People watch a television news screen at a railway station in Seoul on September 23, 2017 showing a map of the epicenter of an earthquake in North Korea
North Korea has been hit with an earthquake.
According to Agence France Presse, AFP, US seismologists revealed that a shallow 3.5-magnitude earthquake hit North Korea near the country’s nuclear test site on Saturday, in what China’s seismic service said was a “suspected explosion”, but Seoul deemed a “natural earthquake”.
The earthquake came after days of increasingly bellicose rhetoric between US President
Donald Trump and North Korean leader
Kim Jong-Un’s regime over Pyongyang’s nuclear ambitions raised international alarm.
The United States Geological Survey (USGS) said the quake struck around 20 kilometres (12 miles) away from the North’s nuclear test site, where earlier this month it detonated its sixth and largest device, which it claimed to be a hydrogen bomb capable of being launched onto a missile.
“This event occurred in the area of the previous North Korean Nuclear tests. We cannot conclusively confirm at this time the nature (natural or human-made) of the event. The depth is poorly constrained and has been held to 5 km by the seismologist,” USGS said in a statement.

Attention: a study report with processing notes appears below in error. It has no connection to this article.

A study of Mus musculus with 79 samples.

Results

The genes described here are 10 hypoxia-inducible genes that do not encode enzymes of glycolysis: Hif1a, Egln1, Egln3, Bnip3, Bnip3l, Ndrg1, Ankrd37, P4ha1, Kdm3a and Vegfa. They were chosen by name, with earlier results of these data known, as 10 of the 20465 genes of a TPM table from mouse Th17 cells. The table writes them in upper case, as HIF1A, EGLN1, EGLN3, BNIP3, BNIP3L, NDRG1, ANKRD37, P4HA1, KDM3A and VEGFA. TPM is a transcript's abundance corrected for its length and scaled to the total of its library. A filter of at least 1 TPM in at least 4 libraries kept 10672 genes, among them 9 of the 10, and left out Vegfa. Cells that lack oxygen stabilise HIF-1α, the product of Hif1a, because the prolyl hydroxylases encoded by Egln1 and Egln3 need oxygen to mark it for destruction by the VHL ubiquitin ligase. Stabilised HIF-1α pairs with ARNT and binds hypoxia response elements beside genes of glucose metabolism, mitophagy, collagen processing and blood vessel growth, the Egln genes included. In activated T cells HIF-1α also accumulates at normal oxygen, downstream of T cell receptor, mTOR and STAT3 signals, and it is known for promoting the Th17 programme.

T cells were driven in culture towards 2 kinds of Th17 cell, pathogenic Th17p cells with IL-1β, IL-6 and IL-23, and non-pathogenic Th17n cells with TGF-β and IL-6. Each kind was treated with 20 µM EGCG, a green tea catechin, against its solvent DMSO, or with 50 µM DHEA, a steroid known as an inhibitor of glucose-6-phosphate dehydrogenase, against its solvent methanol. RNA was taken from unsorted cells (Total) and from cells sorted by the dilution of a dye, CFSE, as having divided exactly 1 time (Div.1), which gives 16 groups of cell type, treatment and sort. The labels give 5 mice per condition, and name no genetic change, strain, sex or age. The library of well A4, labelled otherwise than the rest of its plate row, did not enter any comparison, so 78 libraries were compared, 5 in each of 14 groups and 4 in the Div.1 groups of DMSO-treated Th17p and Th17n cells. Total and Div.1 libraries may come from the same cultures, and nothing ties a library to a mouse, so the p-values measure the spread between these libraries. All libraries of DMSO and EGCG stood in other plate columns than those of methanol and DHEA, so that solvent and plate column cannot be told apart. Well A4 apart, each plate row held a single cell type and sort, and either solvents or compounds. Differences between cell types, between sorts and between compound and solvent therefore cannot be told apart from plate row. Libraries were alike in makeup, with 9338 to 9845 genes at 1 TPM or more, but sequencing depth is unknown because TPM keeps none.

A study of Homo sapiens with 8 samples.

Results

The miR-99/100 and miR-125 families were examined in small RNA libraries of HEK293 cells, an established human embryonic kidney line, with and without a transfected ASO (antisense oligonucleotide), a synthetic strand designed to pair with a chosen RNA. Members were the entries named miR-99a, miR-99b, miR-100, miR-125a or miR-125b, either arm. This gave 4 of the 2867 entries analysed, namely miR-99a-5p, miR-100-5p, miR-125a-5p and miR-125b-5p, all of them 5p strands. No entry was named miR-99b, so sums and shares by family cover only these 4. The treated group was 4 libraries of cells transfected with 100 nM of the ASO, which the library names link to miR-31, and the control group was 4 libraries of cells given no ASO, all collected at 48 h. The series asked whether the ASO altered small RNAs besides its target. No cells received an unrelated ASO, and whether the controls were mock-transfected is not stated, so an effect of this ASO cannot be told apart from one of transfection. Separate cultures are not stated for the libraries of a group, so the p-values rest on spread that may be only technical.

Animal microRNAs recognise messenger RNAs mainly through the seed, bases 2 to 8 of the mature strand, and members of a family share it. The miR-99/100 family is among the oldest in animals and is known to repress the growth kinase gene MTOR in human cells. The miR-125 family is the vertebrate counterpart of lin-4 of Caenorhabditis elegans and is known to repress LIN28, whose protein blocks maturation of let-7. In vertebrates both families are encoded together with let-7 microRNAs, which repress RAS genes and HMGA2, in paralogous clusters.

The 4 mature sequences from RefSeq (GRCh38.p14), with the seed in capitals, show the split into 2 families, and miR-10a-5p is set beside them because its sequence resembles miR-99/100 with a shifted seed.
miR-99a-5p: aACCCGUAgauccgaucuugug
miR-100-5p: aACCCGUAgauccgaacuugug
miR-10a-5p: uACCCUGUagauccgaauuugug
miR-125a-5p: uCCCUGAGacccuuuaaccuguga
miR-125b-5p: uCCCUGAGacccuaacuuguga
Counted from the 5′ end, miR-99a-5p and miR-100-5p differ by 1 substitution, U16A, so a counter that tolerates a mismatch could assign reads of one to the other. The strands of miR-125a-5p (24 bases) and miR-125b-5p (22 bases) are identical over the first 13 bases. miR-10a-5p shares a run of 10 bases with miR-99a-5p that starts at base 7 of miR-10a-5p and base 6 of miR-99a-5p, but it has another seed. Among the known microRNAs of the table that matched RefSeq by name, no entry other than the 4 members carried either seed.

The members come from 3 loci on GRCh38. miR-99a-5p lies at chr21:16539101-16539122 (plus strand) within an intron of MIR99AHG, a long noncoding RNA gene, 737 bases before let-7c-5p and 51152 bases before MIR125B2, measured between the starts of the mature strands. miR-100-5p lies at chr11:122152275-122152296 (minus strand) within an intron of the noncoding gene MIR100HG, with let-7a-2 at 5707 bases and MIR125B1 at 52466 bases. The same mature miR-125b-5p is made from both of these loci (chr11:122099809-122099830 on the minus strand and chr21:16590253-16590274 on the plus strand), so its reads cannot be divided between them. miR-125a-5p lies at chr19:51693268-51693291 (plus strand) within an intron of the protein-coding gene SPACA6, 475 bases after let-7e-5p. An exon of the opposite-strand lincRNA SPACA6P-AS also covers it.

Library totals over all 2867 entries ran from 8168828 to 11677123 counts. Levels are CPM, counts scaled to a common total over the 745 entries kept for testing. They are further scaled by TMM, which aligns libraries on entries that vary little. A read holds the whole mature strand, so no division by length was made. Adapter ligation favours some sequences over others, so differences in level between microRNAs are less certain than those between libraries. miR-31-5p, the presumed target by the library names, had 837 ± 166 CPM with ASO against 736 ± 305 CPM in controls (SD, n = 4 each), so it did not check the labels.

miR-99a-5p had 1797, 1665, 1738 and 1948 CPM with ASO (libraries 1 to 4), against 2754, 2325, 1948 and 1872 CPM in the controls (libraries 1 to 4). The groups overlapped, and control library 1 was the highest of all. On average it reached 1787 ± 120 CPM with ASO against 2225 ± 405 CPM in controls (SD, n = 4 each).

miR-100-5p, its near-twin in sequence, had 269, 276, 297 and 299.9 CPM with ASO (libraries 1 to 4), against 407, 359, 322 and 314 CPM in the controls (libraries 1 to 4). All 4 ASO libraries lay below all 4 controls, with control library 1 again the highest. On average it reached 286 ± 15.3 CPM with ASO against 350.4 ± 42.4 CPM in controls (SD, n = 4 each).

Regional experts differed on their analysis of the tremor, with China’s China Earthquake Network Centre (CENC) service calling it a “suspected explosion”, while Seoul’s Korea Meteorological Agency (KMA) judged it a “natural quake”.
“There is no possibility that this could be an artificial quake,” Yonhap news agency quoted a KMA official as saying.
The North’s last test, on September 3, was the country’s most powerful detonation, triggering a much stronger 6.3-magnitude quake that was felt across the border in China.
A second tremor soon after that test was possibly caused by a “cave-in”, CENC said at the time.
The move prompted global condemnation, leading the UN Security Council to unanimously adopt new sanctions that include restrictions on oil shipments.